Emotional safety during examinations

Mid-year exams have begun and with crunch time comes emotional upheaval. However, it is manageable and should not deter you from the end-goal of succeeding in your studies while maintaining high mental health standards.

“The exam period is a time when stress and anxiety levels are higher than usual. Stress can be positive and help you stay motivated and focused. However, too much stress can be unhelpful and can make you feel overwhelmed, confused, exhausted and edgy,” says Dr Melissa Barnaschone, Director of Student Counselling and Development at the University of the Free State (UFS).

According to Helpguide.Org: Trusted guide to mental & emotional health, “Mental and emotional health is about being happy, self-confident, self-aware, and resilient. People who are mentally healthy are able to cope with life’s challenges and recover from setbacks. But mental and emotional health requires knowledge, understanding, and effort to maintain. If your mental health isn’t as solid as you’d like it to be, here’s the good news: there are many things you can do to boost your mood, build resilience, and get more enjoyment out of life.”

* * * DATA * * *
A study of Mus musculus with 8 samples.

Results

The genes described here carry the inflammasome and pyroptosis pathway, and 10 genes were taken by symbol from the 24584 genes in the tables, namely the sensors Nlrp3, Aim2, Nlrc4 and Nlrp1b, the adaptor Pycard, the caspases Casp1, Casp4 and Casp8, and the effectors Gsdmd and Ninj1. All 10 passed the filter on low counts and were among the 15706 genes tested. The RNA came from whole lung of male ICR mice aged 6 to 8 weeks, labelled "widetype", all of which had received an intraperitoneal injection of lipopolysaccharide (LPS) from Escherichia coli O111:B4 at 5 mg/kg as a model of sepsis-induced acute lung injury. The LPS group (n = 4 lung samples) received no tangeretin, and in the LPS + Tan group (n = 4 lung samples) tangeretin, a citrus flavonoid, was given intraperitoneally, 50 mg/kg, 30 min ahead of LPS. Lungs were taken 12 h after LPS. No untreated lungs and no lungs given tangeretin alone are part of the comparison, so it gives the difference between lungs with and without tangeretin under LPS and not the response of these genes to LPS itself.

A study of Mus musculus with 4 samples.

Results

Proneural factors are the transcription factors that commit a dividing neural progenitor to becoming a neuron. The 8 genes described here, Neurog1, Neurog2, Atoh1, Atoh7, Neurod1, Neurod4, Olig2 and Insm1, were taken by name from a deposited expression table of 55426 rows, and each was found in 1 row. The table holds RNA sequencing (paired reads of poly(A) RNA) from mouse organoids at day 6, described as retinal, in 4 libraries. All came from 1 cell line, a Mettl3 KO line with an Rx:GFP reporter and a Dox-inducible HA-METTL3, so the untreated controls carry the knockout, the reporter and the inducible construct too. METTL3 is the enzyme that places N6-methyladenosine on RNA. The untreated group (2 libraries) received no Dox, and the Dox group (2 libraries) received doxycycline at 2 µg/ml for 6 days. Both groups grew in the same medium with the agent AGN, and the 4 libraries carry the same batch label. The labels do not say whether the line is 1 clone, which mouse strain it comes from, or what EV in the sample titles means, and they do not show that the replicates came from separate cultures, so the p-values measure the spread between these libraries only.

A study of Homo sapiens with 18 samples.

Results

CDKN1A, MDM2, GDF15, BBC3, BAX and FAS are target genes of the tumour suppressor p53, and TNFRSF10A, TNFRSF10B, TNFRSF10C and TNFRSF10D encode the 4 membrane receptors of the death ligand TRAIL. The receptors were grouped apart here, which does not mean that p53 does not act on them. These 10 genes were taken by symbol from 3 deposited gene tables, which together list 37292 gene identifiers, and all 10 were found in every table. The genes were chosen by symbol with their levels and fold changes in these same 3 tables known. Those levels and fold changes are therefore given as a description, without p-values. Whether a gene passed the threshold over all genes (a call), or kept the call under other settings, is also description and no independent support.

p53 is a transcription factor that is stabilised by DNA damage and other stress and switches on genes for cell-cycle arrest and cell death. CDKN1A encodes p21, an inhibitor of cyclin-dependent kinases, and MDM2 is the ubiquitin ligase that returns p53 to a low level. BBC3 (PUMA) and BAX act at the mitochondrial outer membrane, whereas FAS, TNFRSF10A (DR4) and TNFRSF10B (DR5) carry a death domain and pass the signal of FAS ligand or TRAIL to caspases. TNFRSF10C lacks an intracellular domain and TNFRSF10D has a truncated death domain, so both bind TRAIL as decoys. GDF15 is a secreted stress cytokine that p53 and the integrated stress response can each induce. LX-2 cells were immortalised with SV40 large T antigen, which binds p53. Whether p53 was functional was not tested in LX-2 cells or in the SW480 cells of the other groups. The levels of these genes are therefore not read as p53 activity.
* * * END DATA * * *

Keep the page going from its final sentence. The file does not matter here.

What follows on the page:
For further details on topics including: Building Better Mental Health, Emotional Intelligence Toolkit, Benefits of Mindfulness, Improving Emotional Intelligence (EQ), Cultivating Happiness, visit the Help Guide. 

Dr Barnaschone has a few tips on how Kovsies can better approach academic anxiety during the examination period. Here is what she has to say:

News Archive

UFS Director serves on international financial planning body
2010-03-29

Adv. Wessel Oosthuizen.
Photo: Supplied

Adv. Wessel Oosthuizen, Director of the Centre for Financial Planning Law at the University of the Free State (UFS) and Panel Chairperson of the Financial Planning Standards Board Ltd. (FPSB), was recently seconded to two FPSB meetings.

Adv. Oosthuizen is a member of two work groups that consist of representatives from Australia, Canada, China, Germany, Ireland, Japan, New Zealand, South Africa, the United Kingdom and the United States. The groups are tasked with developing a framework that would incorporate the abilities, professional skills and knowledge a student or candidate for certification would need to cover when developing viable written financial plans for clients. Additionally, the groups discussed the type and content of templates, tools and guidance documents that education, training and assessment bodies could use to ensure that financial planners were capable of integrating theory and practice when delivering financial planning to clients.

According to Adv Oosthuizen, the FPSB’s goal is to develop guidance documents and templates for practitioners, employers, educators and certification bodies that will support a robust evaluation of independent and supervised work experience for entrants to the field of financial planning, consistent with approaches taken by more established professions by the end of 2010.